Flickcrit: Babies – Speaking for Themselves

A crosspost from my little cinema blog Cinema Takes:

No commentary, no dialogue to speak of, just four babies in their first year of life. Ponijao from Opuwo Namibia, Bayar from Bayarjargal Mongolia, Mari from Tokyo Japan and Hattie from San Francisco USA.

Though not my topic of choice, I was won over within seconds. Thomas Balmès’Babies is my kind of documentary maker. He lets the camera tell the story. The structure is straightforward and predictable: from breastfed dependency to toddling independence. You can draw your own life lessons, just enjoy the wonder of infancy or do both. If the global village has any future, it is being nurtured in these communities.

It’s a French production but could hardly be classified as foreign language. Wikipedia suggests that some viewers think “it lacks insight and depth”. Must be used to docos that do all the thinking for them.

Do yourself a favour – catch this one, preferably on the big screen. I haven’t smiled so much at the cinema  for ages.

6 comments on “Flickcrit: Babies – Speaking for Themselves

  1. (Taking a step back, and reverting the a(d)verted lens lacking insight and depth, or amplifying its apposite opposite, it might almost be possible to infer that IMDB ratings for Bébé(s) might almost reflect life-stage-like sentiments.)

  2. (LFAB would probably tend to continue to sequester(-in-brackets) any typically-tangential meta-studies, Kevin; particularly, as Meta is now par-considering adaptapplying ideas taken from Why skin is a better lens than glass to a (potentially available) mosaic of data-information; especially as that kind of lensing (re)arrangement could be (mis)used variously, perhaps even naively.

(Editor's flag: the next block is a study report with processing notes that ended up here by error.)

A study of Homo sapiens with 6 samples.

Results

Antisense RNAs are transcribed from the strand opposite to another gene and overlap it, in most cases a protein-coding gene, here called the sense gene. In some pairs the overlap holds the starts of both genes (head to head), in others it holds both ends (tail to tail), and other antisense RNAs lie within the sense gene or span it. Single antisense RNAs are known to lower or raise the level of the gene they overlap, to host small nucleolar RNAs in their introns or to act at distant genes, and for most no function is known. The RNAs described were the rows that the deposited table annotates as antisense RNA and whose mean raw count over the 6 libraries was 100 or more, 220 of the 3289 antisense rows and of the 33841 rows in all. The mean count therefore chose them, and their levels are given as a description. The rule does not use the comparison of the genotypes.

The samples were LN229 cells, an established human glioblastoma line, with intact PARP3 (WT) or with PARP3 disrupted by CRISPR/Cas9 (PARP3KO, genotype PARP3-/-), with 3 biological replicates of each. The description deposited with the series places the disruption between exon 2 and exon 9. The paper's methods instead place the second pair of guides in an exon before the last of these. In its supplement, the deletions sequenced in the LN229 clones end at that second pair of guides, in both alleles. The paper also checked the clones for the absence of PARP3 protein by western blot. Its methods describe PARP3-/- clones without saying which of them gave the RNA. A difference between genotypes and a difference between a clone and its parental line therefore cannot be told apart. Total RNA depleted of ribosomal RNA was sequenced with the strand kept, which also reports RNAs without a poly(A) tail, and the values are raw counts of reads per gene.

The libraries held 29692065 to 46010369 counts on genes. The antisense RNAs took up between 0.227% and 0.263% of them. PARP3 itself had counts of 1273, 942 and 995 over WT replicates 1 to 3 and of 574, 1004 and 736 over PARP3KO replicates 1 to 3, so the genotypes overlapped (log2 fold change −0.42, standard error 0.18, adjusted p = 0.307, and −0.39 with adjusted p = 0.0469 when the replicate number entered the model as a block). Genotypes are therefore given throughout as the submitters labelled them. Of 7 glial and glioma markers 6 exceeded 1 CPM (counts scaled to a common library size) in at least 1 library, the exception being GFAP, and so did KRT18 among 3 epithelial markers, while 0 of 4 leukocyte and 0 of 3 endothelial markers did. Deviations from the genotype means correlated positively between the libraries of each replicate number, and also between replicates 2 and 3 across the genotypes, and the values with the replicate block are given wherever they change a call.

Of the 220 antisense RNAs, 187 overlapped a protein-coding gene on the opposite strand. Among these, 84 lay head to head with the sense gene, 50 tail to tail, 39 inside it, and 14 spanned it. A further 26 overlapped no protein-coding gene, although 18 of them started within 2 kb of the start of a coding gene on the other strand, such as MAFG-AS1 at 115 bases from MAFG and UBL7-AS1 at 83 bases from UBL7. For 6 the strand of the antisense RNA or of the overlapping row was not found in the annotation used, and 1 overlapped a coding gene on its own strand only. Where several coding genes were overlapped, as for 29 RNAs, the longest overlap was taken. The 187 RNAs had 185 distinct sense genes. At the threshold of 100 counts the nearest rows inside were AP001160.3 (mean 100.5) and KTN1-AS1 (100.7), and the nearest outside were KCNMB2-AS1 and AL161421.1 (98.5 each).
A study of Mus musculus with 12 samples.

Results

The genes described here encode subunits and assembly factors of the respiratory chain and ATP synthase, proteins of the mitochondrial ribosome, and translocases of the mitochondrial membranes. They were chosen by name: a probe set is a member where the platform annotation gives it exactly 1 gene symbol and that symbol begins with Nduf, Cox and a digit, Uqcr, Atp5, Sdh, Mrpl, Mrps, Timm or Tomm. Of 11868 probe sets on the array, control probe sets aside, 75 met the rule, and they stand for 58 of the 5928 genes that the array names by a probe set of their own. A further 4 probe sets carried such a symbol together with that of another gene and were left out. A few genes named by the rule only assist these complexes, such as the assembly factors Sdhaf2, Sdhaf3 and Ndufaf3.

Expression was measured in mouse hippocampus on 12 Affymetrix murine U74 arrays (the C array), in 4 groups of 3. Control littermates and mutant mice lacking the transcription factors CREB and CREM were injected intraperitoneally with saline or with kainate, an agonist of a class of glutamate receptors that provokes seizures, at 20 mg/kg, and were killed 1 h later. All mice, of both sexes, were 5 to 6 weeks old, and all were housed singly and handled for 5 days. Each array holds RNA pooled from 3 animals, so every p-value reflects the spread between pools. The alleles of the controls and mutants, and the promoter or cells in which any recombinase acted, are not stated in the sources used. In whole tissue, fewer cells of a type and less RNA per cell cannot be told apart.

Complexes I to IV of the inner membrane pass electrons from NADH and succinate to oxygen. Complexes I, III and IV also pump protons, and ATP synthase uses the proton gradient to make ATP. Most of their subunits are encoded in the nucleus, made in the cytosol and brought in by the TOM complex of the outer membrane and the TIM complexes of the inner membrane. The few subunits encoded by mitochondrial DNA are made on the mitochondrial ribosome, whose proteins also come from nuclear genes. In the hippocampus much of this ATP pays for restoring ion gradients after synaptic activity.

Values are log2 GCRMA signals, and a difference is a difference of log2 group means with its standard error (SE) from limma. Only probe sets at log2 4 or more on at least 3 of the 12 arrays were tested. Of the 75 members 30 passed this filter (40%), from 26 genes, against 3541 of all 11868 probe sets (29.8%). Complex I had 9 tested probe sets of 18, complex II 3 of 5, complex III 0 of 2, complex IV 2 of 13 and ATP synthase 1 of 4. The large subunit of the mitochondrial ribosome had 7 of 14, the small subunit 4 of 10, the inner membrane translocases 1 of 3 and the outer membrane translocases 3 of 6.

Not that he’s necessarily abandoning an early notion that (Eriksonian?) life-stage-like worldviews, when cross-referenced with an extant body of sociobiopsychoetcetero studies on populations’ attitudes to babies (and/or procreativity), for/from within those life-stages, would perhaps somewhat-map (to) critical reactions to a rorschach-like stimulus on the very subject(s) of.

    Still, in his humble opinion, as a filmic stimulus, Babies is a piece of pure brilliance; especially if its mise en scene manages to subtly co-extend the putative fourth-wall, through implied mise en abyme, to (re)discover a fifth (inner-child); one (re)iteratively trying to make (meaningful) sense of a world of stimuli, with or without learn-wor(l)ds, in which (self- and other-)agency and (self- and other-)awareness is, as ever, quasi-negotiated dialogically.

    And, as agreeably said, one for the big screen, for the big little-big grins.)